Network administrators: what they do, why you need them.by Luczak, Mark
Like their older, larger mainframe and minicomputer brethren in corporate centers, local area networks (LANs) and desktop PCs in today's organizations also need "someone to watch over them."
In fact, these group, department and enterprise-oriented network servers and workstations need designated caretakers even more. The people who use this equipment are not likely to have the expertise, time, or resources to manage the information systems they work with and depend on.
Downsizing, departmental LAN computing, and other changes in organizational computing have made network computing a routine and essential part of the daily operation of business-from law and accounting firms, sales branches, medical groups and administrative departments, to retail and manufacturing offices, not to mention typewriters and hand calculators.
Yet, trained professionals administer LANs at only a handful of organizations where LANs are critical to business. Typically, the person in charge is non-technical office support staff who has been handed a manual to study.
The combination of high technology and low skills creates techno-time bombs, ticking like the crocodile in Peter Pan. Aside from the prospect of outright disaster, simply keeping a LAN working is not necessarily the same as keeping it "working well."
A LAN administrator-or network or system administrator, operator or manager-is the person responsible for the server and user portion of LAN.
In smaller organizations, which may have, for example, several interconnected LANs, possibly from different vendors and based on different technologies, the LAN administrator may also be the network manager.
In an organization large enough to have network management and operations, LAN administration falls under the heading Of systems administration. MIS (management information systems) or network management/operations. But, no matter what the title or department, someone skilled should be responsible for daily and long-term operations, maintenance and management of your organization's LANs.
* While the specific job description for managers will be slightly different for each organization, common responsibilities incIude:
* Install and configure new LAN servers and user workstations;
* Perform and manage regular backups for LAN server and user workstation file systems, help users recover lost or deleted files;
* Provide basic LAN management and troubleshooting, using tools like cable break detectors, a network protocol analyzer, and network management software;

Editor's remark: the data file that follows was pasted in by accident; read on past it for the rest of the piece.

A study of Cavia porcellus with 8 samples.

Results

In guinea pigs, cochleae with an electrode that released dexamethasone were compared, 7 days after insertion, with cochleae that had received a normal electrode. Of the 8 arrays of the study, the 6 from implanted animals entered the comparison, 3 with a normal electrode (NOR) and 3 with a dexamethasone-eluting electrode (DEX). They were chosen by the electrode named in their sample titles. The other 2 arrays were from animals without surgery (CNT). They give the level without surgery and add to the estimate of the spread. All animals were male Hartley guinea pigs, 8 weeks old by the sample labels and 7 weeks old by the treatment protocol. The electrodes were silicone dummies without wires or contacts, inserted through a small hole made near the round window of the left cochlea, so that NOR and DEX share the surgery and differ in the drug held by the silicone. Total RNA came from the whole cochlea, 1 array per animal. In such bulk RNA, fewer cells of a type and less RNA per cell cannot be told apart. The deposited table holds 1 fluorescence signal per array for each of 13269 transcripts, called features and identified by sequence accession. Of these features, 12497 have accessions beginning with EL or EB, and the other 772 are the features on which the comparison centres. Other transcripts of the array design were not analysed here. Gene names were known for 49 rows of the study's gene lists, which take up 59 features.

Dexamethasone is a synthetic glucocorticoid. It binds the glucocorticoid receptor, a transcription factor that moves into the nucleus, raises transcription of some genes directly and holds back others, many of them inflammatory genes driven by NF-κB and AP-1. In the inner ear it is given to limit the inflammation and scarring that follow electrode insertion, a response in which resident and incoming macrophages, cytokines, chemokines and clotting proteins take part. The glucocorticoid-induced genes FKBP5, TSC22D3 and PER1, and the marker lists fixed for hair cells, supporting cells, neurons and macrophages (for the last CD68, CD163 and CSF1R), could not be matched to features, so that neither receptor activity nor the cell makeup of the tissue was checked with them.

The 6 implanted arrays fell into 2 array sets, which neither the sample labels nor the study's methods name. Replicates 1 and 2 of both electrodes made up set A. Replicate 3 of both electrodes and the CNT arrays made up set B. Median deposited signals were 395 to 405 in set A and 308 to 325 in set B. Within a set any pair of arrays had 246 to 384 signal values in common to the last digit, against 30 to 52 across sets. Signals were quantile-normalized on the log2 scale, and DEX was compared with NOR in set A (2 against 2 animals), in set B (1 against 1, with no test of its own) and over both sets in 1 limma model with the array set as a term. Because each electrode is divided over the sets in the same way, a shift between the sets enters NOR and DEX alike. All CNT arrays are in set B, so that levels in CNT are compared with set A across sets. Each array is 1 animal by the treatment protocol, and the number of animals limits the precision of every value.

* Install new and upgraded application and utility software, like word processing, spreadsheets and e-mail;
* Administer User accounts (add, change, configure), e-mail address lists and printer names;
* Provide or coordinate user support, training and help; and
* Implement network and file security, accounting and management.
* managers also often get involved in planning for network capacity, technology and capabilities. This means everything from evaluating new products to deciding on new network storage alternatives.
A good LAN manager, as many organizations discover to their pleasant surprise, can also add value and cost-effectiveness to the operation by:
* Researching and putting in faster, more effective backup systems;
* Providing easy-to-use on-screen menus so that inexperienced users have easy direct access to applications; and
* Suggesting new applications that help users get 'their jobs done more efficiently and effectively.
Many organizations report that having a LAN administrator makes an immense improvement in the reliability and quality of network computing service, even more than they anticipated when they decided to create the position. The initial surge in budget is often quickly recouped in staff productivity and reductions in LAN operating costs.
There are several ways to provide LAN administration:
* If your organization has 50 or more workstations and servers. and your network has frequent changes, you probably need someone full-time;
* If your I*N administrative needs are less demanding, designate LAN management as a part-time responsibility for one individual, but also identify a back-up person;
* Inquire about administrative service from the supplier you bought your LAN systems from;
* Contract for regular and emergency tAN management services from one of the growing number of third-party independent contract houses. This approach is often ideal for small and new user groups, who may not want to rely on a vendor, and whose tANs need only routine backup and administrative updates-say, a half-day per week. A bonus: valuable peace of mind, knowing that a LAN expert is only a phone call away.
Good User = Better Administration
Users are the other half of the LAN management equation. If, for example, your organization runs a fleet of delivery vehicles, you expect drivers and others to be aware of and report symptoms like the oil or generator lights coming on, or clanking sounds, or huge black clouds of smoke. Similarly, the computer users on your network should work with LAN administrators:
* Read basic training materials and company policies;
* Understand basic computer concerns such as security and appropriate usage;
* Know their LAN operations and "help" contacts;
* Know what the LAN administrator does and can help with, for example, recover files;
* Report problems, error messages, outages or unusual computer behaviors immediately; and
* Learn how to use documentation and on-line help.
In turn, make it part of your LAN administrator's responsibility to be available to users, including regular "what's new" updates and new user orientation.
Together, your users and your LAN administrator can help your organization's LANs be what they are meant to be-a well-run, valuable, reliable tool in your business.